Motherhood is not a hobby, it is a calling. You do not collect children because you find them cuter than stamps. It is not something to do if you can squeeze the time in. It is what God gave you time for.I first heard this passage two years ago when Elder Neil L. Anderson quoted it in General Conference. However, recently I came across the original blog it was posted on and thoroughly enjoyed reading the whole post. A part that stood out to me was the very next passage after the above quote. The author writes:
Christian mothers carry their children in hostile territory. When you are in public with them, you are standing with, and defending, the objects of cultural dislike. You are publicly testifying that you value what God values, and that you refuse to value what the world values.This really put into words some of my feelings that I have struggled to identify. I've noticed that I feel particularly vulnerable in public when I am pregnant. And during my current pregnancy we purposely put off telling Jeremy's PhD adviser we were expecting until about a month ago.
Within the walls of our own home we are so happy. Sometimes when I am watching my boys play together, or listen to them talking to me, I just want to burst because of how much I love them, and how amazingly wonderful they are, and how blessed I feel that Heavenly Father has sent them to me. And we are so, so, so excited for this new little one to join us. It's been amazing to observe how each of our boys is different, and what they bring to our little family. We can't wait to see what this new spirit will bring with him.
But outside the walls of our home we become "visible"--open to others' interpretation without our input. We recognize that our children (and my pregnant state) are a statement of our values, and that other people may not value the same thing. I feel unstated accusations that if we'd just stop having kids, then Jeremy could be graduated by now, we could have a "real" job by now, or any number of material possessions by now. And I take a lot of the supposed blame on myself, because I'm the one who's pregnant, and a lot of society looks down on a pregnant woman. Like maybe I'm uneducated or unmotivated, or simply incapable of "greater" things. And to go out with my children, particularly when they aren't being well-behaved, I feel the eyes of a million strangers saying, we told you so, what were you thinking, and why have you done it again?!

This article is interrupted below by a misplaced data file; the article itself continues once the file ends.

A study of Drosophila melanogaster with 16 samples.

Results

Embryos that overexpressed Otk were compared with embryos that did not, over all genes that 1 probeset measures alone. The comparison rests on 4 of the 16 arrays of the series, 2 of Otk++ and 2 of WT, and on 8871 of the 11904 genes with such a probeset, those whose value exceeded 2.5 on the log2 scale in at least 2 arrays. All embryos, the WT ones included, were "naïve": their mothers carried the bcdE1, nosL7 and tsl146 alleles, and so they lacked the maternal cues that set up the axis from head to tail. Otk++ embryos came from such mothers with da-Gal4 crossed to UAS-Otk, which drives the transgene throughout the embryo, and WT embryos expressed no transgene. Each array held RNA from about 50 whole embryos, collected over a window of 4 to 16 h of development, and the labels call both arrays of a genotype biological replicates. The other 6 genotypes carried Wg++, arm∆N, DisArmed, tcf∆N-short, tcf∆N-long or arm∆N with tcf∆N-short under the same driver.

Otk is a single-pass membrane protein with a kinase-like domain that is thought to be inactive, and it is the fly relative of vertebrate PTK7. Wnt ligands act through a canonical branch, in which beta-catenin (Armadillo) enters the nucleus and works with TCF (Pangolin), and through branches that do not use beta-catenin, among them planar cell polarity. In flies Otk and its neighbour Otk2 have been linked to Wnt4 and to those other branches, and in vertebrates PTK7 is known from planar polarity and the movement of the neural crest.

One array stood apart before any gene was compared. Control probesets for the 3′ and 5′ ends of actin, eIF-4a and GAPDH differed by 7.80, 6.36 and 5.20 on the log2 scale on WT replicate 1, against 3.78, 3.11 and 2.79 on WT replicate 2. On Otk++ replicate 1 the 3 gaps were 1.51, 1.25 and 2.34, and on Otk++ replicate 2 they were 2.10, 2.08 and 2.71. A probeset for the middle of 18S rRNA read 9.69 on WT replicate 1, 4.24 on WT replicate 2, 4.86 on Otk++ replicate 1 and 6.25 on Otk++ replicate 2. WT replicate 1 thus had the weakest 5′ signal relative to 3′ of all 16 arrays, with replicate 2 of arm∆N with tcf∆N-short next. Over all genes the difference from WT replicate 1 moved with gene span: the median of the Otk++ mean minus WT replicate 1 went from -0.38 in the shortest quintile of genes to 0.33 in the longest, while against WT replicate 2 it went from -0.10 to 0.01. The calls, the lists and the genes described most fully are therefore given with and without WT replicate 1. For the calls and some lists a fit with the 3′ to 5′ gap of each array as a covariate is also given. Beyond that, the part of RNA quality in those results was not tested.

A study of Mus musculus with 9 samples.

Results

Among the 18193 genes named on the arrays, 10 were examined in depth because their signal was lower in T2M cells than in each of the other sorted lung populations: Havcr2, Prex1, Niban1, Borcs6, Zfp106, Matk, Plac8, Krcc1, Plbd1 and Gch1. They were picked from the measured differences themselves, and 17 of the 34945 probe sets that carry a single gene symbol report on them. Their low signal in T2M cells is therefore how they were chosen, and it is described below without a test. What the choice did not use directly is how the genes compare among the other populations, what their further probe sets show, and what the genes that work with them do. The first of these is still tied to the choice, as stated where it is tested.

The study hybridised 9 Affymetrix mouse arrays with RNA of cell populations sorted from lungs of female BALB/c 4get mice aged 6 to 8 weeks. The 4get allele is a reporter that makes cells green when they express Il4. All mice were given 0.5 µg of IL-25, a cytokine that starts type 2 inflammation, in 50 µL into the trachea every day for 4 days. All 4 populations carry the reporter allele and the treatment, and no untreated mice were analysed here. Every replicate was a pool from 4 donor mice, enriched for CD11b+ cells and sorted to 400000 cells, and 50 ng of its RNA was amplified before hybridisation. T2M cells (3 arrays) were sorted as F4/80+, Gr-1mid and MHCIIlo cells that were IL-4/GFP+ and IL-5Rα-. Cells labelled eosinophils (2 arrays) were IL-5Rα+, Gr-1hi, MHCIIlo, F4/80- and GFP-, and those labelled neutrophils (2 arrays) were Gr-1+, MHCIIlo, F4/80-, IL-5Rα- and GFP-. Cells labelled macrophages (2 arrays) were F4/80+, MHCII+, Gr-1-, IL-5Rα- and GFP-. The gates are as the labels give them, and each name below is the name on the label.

A few months ago, Jeremy sent me out of the house for a little "me" time. I got a pedicure, and while chit chatting with the gal doing my pedicure, I let her believe I was pregnant with my third child. I never said as much, but in the few other things we talked about we didn't make it to each of my kids. And the truth is, I didn't want the "Wow!" or the "You're brave!" or the "I could never do that!" or whatever "polite" response she might try to offer, not to mention any impolite ones.
But maybe it's time to change my ways. I know how I feel in my heart and I probably need to work harder to not let others' unknown opinions make me feel any less secure. I need to realize how important it is that I do; because in doing so I am "defending the objects of cultural dislike" and "publicly testifying that I value what God values". In that context, it hurts to think that if I am insecure about my motherhood in front of others, then I am leaving my children undefended. That's the last thing I would want to do.
As I make my final preparations to bring my fourth son into the world, I want to become a better mother than I have been in the past. Particularly, I want to keep my head held high when I leave the sanctity and security of my home. Because we love our boys, and the reason we "keep having kids" is because we want to, we choose to, we love them and we love our life with them, and also, we believe God has commanded us to bear children. So, I will defend my values to the world--I will defend my children. Even on their very worst days.